Your Instagram feed may be flooded with well-lit, expertly edited millenials and Gen Zers hashtagging and hawking ultra-high rise leggings, home goods, and weight-loss teas--but they're not the only ones driving revenue on social.
B2B influencers--well-respected thought leaders associated with specific brands--are also leveraging social platforms to generate leads and sales for companies. But rather than relying exclusively on Instagram or Facebook, 94 percent of B2B influencers are using LinkedIn to share ideas and compel others to take action.
LinkedIn is extremely popular with B2B influencers because it's where highly educated professionals in upper management (directors, vice presidents, and C-suite officers) spend a lot of their time--and execs are using the platform to help them gather information before making buying decisions.
Research shows that these audiences want to read a lot of content (10 pieces on average) before they'll finalize any purchase for their company.
Because Linked in makes it simple to create and disseminate content among a professional network, B2B influencers and the brands behind them are leaning into the platform. At my content marketing company, Masthead Media, we are too! We strongly recommend that both our B2B and our B2C clients utilize many of LinkedIn's features, and we're active on it ourselves.
Need a little more convincing to create a LinkedIn influencer marketing strategy? Here are four reasons why it's a great investment of your time and resources.
A Platform Supporting Community
LinkedIn is built with features that allow people who don't already know each other (or only in a limited capacity) to form genuine connections. The platform recommends connecting with certain individuals not only based on the number of mutual connections but also related companies, schools, or professional backgrounds.
If your company's thought leaders become proactive about sending connection requests, posting content and updates, and participating in LinkedIn groups, they can grow their networks fairly quickly--widening the audience that will see their articles and posts.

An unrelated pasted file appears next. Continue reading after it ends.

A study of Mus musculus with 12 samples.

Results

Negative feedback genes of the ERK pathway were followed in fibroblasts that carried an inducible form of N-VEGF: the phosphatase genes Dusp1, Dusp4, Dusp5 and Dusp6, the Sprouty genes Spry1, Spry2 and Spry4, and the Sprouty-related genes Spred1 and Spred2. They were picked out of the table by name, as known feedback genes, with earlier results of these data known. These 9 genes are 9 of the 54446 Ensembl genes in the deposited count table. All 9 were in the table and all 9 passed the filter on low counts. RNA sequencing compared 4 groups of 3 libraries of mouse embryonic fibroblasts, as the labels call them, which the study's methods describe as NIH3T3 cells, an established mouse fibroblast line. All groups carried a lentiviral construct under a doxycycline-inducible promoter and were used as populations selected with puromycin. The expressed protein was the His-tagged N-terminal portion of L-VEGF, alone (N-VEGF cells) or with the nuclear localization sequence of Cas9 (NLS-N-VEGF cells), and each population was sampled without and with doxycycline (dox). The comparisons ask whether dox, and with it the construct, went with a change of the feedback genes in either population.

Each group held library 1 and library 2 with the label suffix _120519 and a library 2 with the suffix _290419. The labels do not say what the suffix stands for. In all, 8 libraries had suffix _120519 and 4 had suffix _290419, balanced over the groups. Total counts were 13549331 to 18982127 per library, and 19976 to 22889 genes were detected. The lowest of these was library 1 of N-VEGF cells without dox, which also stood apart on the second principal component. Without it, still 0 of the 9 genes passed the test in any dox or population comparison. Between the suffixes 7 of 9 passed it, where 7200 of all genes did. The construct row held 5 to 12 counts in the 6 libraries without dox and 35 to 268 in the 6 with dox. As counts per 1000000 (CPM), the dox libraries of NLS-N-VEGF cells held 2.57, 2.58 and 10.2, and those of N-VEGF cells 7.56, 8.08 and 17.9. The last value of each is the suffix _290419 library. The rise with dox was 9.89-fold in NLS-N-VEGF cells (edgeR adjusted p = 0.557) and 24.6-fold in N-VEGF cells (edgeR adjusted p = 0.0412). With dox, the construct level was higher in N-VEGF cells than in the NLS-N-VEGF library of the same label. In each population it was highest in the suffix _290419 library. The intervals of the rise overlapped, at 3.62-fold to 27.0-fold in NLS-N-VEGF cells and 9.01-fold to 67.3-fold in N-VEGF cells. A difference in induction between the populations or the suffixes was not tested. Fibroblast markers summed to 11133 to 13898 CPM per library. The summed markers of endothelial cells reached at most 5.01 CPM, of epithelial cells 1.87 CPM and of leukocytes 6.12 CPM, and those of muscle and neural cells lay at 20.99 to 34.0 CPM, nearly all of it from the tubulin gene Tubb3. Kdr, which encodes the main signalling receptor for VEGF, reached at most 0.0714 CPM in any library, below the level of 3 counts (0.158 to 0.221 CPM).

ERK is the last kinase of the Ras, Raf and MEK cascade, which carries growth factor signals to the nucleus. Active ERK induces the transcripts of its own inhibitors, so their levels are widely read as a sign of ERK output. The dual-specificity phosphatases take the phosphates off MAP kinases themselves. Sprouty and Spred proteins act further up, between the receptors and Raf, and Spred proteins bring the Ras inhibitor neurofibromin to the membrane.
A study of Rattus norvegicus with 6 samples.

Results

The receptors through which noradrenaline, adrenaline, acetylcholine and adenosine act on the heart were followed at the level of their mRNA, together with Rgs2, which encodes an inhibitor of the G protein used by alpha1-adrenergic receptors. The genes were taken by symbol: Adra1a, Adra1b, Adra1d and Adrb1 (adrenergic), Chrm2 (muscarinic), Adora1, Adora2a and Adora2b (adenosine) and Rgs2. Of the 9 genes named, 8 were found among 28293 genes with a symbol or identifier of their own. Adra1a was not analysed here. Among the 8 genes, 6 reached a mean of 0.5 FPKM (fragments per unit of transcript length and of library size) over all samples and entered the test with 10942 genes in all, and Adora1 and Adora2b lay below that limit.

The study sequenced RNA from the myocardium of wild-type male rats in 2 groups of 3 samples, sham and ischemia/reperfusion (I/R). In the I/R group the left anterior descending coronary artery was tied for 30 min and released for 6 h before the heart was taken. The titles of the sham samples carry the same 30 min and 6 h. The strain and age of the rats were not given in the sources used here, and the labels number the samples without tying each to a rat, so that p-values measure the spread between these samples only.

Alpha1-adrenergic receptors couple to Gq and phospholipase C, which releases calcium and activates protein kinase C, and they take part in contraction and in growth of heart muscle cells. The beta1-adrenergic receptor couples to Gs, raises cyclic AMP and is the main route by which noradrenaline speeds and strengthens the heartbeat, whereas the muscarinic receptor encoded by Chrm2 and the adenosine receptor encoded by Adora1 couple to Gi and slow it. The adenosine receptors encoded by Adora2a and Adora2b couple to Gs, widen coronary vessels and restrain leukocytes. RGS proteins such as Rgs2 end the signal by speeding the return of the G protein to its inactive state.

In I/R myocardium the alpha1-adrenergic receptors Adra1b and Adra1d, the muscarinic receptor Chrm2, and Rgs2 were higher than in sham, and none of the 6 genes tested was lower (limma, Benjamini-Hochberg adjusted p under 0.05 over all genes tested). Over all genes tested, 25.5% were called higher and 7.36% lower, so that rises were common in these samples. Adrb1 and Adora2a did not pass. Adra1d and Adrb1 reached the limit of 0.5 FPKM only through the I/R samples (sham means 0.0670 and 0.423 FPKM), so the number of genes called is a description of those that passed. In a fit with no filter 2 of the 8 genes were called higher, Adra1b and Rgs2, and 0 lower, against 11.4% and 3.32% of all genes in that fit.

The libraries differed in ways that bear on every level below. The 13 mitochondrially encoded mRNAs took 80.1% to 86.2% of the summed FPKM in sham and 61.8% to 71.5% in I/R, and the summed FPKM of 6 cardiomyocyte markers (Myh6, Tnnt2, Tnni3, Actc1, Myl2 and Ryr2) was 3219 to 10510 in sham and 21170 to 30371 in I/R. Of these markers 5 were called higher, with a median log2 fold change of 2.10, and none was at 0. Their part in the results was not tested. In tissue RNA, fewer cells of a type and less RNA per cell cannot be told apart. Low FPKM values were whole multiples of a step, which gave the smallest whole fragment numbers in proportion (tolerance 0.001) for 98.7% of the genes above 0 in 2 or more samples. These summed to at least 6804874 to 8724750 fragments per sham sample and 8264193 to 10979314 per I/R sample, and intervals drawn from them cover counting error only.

LinkedIn's paid messaging feature inMail allows participants (including your B2B influencers) to send longer messages to another member that they're not already connected to. Since InMail has a 300 percent higher response rate than email, sending targeted InMail could be a powerful addition to your marketing.
Decision Makers are on LinkedIn
A huge number of professionals are tapping LinkedIn to learn about breaking industry news and using it to form relationships with other professionals. Of the platform's 303 million active monthly users, 40 percent use it daily.
Many of LinkedIn's 90 million senior-level influencers are using the platform to endorse their own companies, share perspectives, and promote accomplishments. Take advantage of their presence by proactively engaging with their posts, establishing a rapport based on shared ideas and feedback. These connections can easily turn into IRL meetings and opportunities at industry events and conferences. And that can turn into business for your brand.
"Pay to Play" is Not a Problem
Most social media platforms are increasingly relying on advertising to generate revenue, but that's far from the case with LinkedIn.
For now, the LinkedIn algorithm is focused on promoting organic and native posts, which strongly benefits influencers. It means that you don't need a big budget, thousands of followers, or tons of updates to get noticed--and draw attention to your messaging--on LinkedIn.
Possibly the greatest advantage that influencers have in the LinkedIn B2B marketing space is that engagement is truly the ruling factor. While influencer marketing is getting crowded and is less effective for other audiences on other social platforms, B2B marketers can still score a huge return on investment by sharing their messaging on LinkedIn.
It Gets Personal
Recent statistics show that consumers desire authenticity from marketing, so seeing any real-life business leader promoting a brand or company on LinkedIn plays into that mindset.
At Masthead Media, we know that a lot of our followers are professionals, so I make sure to promote my articles and insights on my personal LinkedIn account, rather than just our company page. I've seen a tremendous impact from doing this--both potential and current clients have interacted or messaged me after seeing updates, and that's led to a lot of new business.
My recommendation to B2B influencers: Be present and accessible on LinkedIn, and interact even when you don't have something specific to promote. A little giving back to the community goes a long way.
Have questions about making this platform a bigger part of your marketing strategy? Please send me a note on (where else?) LinkedIn.